The Telegraph
Tuesday , May 6 , 2014

Calcutta University has decided to have four-year BTech courses from the 2015-16 academic season, replacing the three-year programme that has failed to ensure good placements for even the better students.

Half the 300 seats will be filled through the state joint entrance examination, with plus-two pass as the minimum qualification. Only science graduates are eligible for the three-year programme that is set to be scrapped.

All eight departments at the Rajabazar campus — computer science and engineering, information technology, radio physics and electronics, chemical engineering, chemical technology, polymer science and technology, applied physics, and applied optics and photonics — currently offer a three-year BTech degree.

“To begin with, we will admit 150 students through the JEE from next year. The remaining seats will be reserved for deserving science graduates, who will get direct admission in the second year,” an official said.

The logic behind the lateral entry is to benefit those who might have taken admission for a BSc degree in the hope of later enrolling for the three-year BTech course.

“If JEE is made compulsory for all 300 seats straightaway, some students could complain that they were denied admission without being informed of the change,” the official said.

The system of lateral entry for 150 seats would be followed for three years to cover the current BSc batches.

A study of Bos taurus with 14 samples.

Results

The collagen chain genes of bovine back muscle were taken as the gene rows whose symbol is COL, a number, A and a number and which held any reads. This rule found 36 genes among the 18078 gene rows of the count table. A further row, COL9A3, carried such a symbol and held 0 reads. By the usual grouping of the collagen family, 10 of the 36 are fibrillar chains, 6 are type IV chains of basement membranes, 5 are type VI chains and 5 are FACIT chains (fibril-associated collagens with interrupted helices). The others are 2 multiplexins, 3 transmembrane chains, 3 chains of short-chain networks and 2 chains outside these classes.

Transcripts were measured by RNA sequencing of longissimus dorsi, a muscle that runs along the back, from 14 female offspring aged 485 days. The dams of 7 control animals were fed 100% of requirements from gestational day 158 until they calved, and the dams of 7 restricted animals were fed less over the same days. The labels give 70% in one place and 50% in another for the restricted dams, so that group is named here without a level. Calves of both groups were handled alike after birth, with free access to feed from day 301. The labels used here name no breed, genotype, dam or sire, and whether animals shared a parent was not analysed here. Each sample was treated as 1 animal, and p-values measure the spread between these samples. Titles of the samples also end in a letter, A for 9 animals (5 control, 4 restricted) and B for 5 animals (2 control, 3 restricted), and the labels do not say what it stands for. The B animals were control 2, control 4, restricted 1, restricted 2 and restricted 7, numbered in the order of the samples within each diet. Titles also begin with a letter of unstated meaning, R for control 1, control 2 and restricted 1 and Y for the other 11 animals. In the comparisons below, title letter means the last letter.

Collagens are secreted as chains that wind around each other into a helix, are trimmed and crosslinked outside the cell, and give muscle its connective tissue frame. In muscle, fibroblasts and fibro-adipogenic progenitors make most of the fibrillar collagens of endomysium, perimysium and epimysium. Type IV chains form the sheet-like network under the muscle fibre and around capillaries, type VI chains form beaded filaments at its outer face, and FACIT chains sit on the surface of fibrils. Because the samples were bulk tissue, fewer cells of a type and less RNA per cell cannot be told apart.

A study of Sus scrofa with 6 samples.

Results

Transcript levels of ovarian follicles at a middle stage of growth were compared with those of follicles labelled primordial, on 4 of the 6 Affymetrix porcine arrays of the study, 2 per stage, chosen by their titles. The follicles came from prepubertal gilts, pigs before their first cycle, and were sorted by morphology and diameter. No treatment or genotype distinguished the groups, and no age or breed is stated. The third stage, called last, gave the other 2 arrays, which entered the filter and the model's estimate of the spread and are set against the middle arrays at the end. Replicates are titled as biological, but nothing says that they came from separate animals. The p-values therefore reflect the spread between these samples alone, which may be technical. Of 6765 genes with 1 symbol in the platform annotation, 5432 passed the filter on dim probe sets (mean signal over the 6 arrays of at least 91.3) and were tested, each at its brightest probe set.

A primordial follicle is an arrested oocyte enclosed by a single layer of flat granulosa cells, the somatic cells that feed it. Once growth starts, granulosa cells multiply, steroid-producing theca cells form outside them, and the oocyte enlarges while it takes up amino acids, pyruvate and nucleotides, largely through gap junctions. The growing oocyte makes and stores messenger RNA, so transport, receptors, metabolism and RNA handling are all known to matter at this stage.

Calcutta University had been planning to tweak its BTech programme to suit “market demands” for a few years, sources said.

Companies once preferred recruiting CU graduates for their research and development programmes because they were considered theoretically stronger than their peers elsewhere who got into engineering colleges after Class XII. “But most organisations are now selecting students from four-year BTech courses. Another reason for the shift is that we are not getting the best of students because most of them choose to go for four-year BTech courses after Class XII,” said Nikhil Ranjan Das, dean of the CU engineering faculty.

Vice-chancellor Suranjan Das had been held hostage for 30 hours last September by BTech students complaining that they were being denied proper placements. “At a recent meeting, we took a decision in principle to switch to a four-year course. We plan to make the change in the next academic year,” VC Das said.

Bombay and Madras universities replaced their three-year BTech programmes with four-year ones several years ago.